Black women’s hair has often been misunderstood and has only recently been given its due in the world of mainstream beauty, said Sandro, a Chicago-based photographer whose new book puts Black hairstyles on a pedestal.
Crowns: My Hair, My Soul, My Freedom was published this spring and is packed with vibrant portraits and more. Along with Sandro’s work, contributors included actress Angela Bassett, who wrote the foreword, as well as poet and Chicago native Patricia Smith, who wrote Nap Unleashed for the book.
Sandro created the book as a gift to the Black community across the world, he told WBEZ’s Reset.
“[The book is] celebrating diversity, artistry and the power of Black women’s hair,” he said. “It’s a project about highlighting the many, many ways in which Black hair [is presented] and how women embrace their hair.”
As a white man from Elgin, Sandro said he was inspired by his wife, Claude-Aline, who is Black and told Sandro about her struggles in the corporate world, where she had to follow rules that often discriminated against Black hair.
“Claude was my initial inspiration, you know, and then together we began to notice throughout the city of Chicago, corporate laws began to become more lenient towards how Black men and Black women could wear their hair to work,” Sandro said. “We started spotting women with just the most amazing hairstyles, whether it would be beads or braids or cornrows, or wearing it natural or wearing wigs.”
Sandro said he wanted to show the world that this change in how Black women wear their hair is really happening.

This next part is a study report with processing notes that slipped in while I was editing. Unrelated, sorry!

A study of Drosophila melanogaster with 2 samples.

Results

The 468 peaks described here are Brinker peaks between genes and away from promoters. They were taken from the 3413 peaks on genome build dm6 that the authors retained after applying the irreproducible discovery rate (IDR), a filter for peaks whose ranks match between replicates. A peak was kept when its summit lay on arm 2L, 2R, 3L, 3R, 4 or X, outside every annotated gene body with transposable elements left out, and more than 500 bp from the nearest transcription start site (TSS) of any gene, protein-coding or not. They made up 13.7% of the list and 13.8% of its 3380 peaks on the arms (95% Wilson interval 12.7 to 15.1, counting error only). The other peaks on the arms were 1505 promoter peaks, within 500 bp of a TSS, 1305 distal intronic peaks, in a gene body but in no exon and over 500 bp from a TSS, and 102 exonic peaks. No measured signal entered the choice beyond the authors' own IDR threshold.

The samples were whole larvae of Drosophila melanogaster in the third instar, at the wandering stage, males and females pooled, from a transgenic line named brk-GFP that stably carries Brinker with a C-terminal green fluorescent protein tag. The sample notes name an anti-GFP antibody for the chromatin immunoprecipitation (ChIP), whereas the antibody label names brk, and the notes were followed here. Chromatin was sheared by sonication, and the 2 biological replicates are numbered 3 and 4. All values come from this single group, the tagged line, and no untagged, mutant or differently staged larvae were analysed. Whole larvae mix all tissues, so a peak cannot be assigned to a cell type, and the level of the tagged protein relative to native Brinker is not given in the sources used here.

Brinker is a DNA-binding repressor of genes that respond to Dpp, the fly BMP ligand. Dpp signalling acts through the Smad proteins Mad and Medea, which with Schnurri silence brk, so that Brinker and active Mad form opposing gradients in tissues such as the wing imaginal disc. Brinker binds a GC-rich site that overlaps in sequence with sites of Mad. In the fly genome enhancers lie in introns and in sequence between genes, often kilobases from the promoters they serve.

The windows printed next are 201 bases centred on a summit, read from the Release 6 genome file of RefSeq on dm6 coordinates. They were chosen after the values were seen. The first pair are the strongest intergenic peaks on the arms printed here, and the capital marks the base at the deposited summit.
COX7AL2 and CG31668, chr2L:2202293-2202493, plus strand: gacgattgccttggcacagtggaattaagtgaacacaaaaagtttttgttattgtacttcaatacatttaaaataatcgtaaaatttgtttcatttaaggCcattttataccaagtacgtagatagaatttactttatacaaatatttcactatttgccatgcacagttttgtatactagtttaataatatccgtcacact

He said the idea turned into a project four or five years ago for EXPO Chicago, where he received a strong response from attendees. Among the nearly 400 women Sandro photographed for the project, he said he heard stories about name-calling, job discrimination and being sent home from school for wearing braids or beads.
After EXPO Chicago, Sandro decided to take the project to South Africa, where he took more photos of women’s hairstyles.
Crowns: My Hair, My Soul, My Freedom features 140 portraits. The women are presented with black paint over their faces and upper bodies, and bright pops of color in the background.
One reason for presenting his subjects this way is because of Sandro’s admiration for the style of artist Kerry James Marshall.
But Sandro said the presentation was also done to acknowledge the range of skin tones among Black women and men.
“And within that range of black, there is a tremendous amount of prejudice in the Black community… That again brings me to a lot of pain to know that within Black culture itself, there’s so much animosity towards color,” Sandro said. “I wanted to really equalize everybody here … and I do think that this black black makes every single one of the very beautiful people even more striking.”
To further equalize each of the subjects of the portraits, no clothes can be seen — just the subjects’ shoulders on upwards — which Sandro said means viewers cannot judge any of the subjects by what they are wearing, so the focus is nearly entirely on the hairstyles.
The name of the book is based on the CROWN Act, which stands for “Creating a Respectful and Open World for Natural Hair” and was passed by the U.S. House of Representatives back in March. The bill has not yet passed the Senate, but President Joe Biden expressed strong support for it, according to NPR.
Sandro said he showed every portrait subject what he was doing with his project to gauge their reactions, and the response was overwhelmingly positive.
“I think that they were all ready to stand up on that pedestal and say, ‘Look at me, I am beautiful with my hair no matter how I’m wearing it,’ ” he said.
Bianca Cseke is a digital producer at WBEZ. Follow her @biancacseke1.